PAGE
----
14 November 2019

November 2019

Search-and-replace genome editing without double-strand breaks or donor DNA

Andrew V. Anzalone, Peyton B. Randolph, Jessie R. Davis, Alexander A. Sousa, Luke W. Koblan, Jonathan M. Levy, Peter J. Chen, Christopher Wilson, Gregory A. Newby, Aditya Raguram & David R. Liu

Gene therapy is an approach to treat or cure patients suffering from a genetic disease. Programmable nucleases are an effective tool that can be used for gene therapy. For example, introducing a DNA double-strand break using the Clustered Regularly Interspaced Short Palindromic Repeats (CRISPR)-associated Protein 9 (Cas9) results in desired insertions and deletions; however, it also causes undesired outcomes, including complex mixtures of products, translocation or large deletions. Moreover, most genetic diseases need more precise editing, which can be achieved by employing the homology-directed repair (HDR) pathway. HDR that is applied to gene therapy requires an externally-delivered repair template containing the correction mutation. However, this precise way of DNA repair is very inefficient, and therefore, difficult to apply in most of the therapeutically-relevant cells.

To address this issue, the authors developed a new genome-editing technology called “prime editing”, which is as precise as HDR, does not require DNA double strand breaks and hence, does not result in unwanted by-products such as insertion or deletion.

The Prime Editor (PE) consists of a Reverse Transcriptase linked to a Cas9 nickase. In the Cas9 nickase, one of the two nuclease domains is inactivated, and consequently, a nick is introduced in one of the DNA strands instead of a DNA double strand break. The Reverse Transcriptase was originally discovered from retroviruses, where it has been used to replicate the viral genome. The Reverse Transcriptase uses RNA as a template to generate complementary DNA (cDNA), resulting in RNA-DNA hybrids, which will be integrated into the host’s genome and converted to double-stranded DNA by the cell’s DNA replication machinery. The Reverse Transcriptase is widely used in laboratories to generate PCR templates from RNA, since only DNA can serve as a PCR template. Furthermore, the authors of the paper engineered the guide RNA by adding extra nucleotides towards the 3’ end of the trans-activation CRISP RNA (tracrRNA). The additional nucleotides, which are complementary to the Cas9-targeted site, serve as primers and a template for the Reverse Transcriptase. The template contains the desired edits. The authors referred to the sgRNA that was used for prime editing as “pegRNA”.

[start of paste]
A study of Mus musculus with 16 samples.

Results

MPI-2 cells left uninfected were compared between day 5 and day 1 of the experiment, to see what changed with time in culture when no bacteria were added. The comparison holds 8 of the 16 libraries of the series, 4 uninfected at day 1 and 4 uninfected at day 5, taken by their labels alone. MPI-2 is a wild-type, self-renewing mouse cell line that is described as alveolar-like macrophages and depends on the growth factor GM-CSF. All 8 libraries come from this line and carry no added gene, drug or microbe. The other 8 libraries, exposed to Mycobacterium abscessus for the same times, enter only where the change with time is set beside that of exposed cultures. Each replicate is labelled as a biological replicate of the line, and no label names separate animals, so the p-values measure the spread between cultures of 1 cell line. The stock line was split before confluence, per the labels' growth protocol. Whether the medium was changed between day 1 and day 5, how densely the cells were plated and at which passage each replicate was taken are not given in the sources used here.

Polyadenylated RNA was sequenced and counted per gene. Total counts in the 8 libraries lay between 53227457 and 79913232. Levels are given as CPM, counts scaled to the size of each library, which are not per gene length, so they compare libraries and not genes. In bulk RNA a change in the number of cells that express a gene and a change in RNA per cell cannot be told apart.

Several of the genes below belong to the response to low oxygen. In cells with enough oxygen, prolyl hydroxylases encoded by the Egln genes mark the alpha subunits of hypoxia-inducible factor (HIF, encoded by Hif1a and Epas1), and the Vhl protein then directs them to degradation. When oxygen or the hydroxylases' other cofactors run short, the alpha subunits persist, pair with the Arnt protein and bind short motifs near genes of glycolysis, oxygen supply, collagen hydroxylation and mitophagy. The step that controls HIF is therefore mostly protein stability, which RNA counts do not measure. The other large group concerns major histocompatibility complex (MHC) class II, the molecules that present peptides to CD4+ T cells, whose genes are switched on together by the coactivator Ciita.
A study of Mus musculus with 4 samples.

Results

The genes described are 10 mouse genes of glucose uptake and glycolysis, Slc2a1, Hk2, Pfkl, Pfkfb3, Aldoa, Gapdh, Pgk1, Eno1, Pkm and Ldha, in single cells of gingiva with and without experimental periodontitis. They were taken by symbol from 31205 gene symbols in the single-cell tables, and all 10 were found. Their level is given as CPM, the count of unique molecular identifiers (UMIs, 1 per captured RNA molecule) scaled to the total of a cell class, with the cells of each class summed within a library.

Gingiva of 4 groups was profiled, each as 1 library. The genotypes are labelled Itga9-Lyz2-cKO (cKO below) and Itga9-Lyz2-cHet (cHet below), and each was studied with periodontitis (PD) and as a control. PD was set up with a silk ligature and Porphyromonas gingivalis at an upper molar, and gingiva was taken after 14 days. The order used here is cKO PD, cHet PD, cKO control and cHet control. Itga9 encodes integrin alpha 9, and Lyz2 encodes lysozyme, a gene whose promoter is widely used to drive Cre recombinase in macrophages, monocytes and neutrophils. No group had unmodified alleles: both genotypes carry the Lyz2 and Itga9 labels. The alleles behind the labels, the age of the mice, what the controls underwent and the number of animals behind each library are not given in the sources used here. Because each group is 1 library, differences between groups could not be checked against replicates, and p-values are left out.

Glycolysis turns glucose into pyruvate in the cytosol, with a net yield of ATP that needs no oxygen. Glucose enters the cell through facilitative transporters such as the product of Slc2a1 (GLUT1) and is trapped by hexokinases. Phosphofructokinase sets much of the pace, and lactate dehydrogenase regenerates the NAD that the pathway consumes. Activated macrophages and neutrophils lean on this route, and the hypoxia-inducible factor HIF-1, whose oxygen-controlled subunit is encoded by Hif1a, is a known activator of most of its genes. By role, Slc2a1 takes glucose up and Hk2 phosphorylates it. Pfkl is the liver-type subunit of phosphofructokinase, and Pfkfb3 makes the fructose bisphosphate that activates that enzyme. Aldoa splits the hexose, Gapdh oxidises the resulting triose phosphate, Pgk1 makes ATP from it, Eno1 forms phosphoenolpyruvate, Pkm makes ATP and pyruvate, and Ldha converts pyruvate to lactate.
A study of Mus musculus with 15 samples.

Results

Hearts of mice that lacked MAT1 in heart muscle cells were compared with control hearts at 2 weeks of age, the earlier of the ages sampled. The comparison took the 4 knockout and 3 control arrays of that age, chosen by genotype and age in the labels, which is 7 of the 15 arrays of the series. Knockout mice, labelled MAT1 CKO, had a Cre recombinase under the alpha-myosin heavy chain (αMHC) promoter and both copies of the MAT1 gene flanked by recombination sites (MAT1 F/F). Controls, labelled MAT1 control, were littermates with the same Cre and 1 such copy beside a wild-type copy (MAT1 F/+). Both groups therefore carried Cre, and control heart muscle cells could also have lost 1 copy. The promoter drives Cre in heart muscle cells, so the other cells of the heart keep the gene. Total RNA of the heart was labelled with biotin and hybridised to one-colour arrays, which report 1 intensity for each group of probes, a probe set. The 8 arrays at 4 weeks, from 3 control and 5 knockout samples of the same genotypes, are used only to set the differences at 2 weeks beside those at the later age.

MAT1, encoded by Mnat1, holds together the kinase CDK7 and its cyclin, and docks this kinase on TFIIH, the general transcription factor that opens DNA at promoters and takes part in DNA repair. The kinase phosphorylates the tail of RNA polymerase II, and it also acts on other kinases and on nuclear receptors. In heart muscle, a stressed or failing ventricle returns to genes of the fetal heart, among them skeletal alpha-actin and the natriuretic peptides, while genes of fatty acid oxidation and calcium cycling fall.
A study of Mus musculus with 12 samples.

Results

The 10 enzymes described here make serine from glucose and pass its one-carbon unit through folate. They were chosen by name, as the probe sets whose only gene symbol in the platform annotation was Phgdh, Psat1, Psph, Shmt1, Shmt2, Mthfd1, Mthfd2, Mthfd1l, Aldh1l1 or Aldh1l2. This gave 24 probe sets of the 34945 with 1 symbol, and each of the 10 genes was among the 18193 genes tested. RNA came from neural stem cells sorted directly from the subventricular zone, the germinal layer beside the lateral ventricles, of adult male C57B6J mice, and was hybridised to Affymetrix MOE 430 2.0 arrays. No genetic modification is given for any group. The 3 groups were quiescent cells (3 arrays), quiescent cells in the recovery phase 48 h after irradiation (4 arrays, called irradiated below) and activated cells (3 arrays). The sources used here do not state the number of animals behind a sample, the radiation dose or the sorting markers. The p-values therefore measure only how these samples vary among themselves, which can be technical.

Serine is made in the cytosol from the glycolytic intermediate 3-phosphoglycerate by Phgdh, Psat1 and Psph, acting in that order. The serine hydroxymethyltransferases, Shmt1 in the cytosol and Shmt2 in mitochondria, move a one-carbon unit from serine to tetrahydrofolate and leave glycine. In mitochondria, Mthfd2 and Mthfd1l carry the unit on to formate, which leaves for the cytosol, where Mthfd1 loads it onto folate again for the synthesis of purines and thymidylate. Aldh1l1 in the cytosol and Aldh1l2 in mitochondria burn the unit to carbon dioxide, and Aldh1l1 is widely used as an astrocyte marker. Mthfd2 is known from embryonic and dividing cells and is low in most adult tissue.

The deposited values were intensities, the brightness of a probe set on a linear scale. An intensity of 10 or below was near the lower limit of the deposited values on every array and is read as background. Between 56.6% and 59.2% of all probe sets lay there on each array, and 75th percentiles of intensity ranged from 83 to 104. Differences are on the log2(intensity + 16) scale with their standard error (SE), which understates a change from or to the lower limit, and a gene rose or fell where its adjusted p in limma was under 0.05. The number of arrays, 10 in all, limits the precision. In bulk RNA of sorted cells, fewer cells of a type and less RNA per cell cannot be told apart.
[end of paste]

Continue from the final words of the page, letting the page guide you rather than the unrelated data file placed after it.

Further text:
Throughout several experiments, the authors developed a more efficient version of PE1 by mutating the Reverse Transcriptase, thus optimizing the pegRNA and introducing a second nick in the non-edited strand.

The authors compared prime editing to base editing and concluded that prime editing is the method of choice particularly when bystander mutations cannot be tolerated. Moreover, they showed that prime editing results in much lower off-targets as compared to Cas9 for the tested sgRNAs. Using Cas9 and HDR in contrast to prime editing showed that prime editing resulted in edits with comparable or even higher efficiencies and lower indel rates. They could not detect any toxicity of the Reverse Transcriptase in human cells. Finally, they successfully applied prime editing to correct mutations that cause genetic disease in sickle cell disease, Tay-Sachs disease and prion disease.

The authors concluded that prime editing expands the scope of genome editing tools. However, further research would need to be carried out to fully understand and improve prime editing.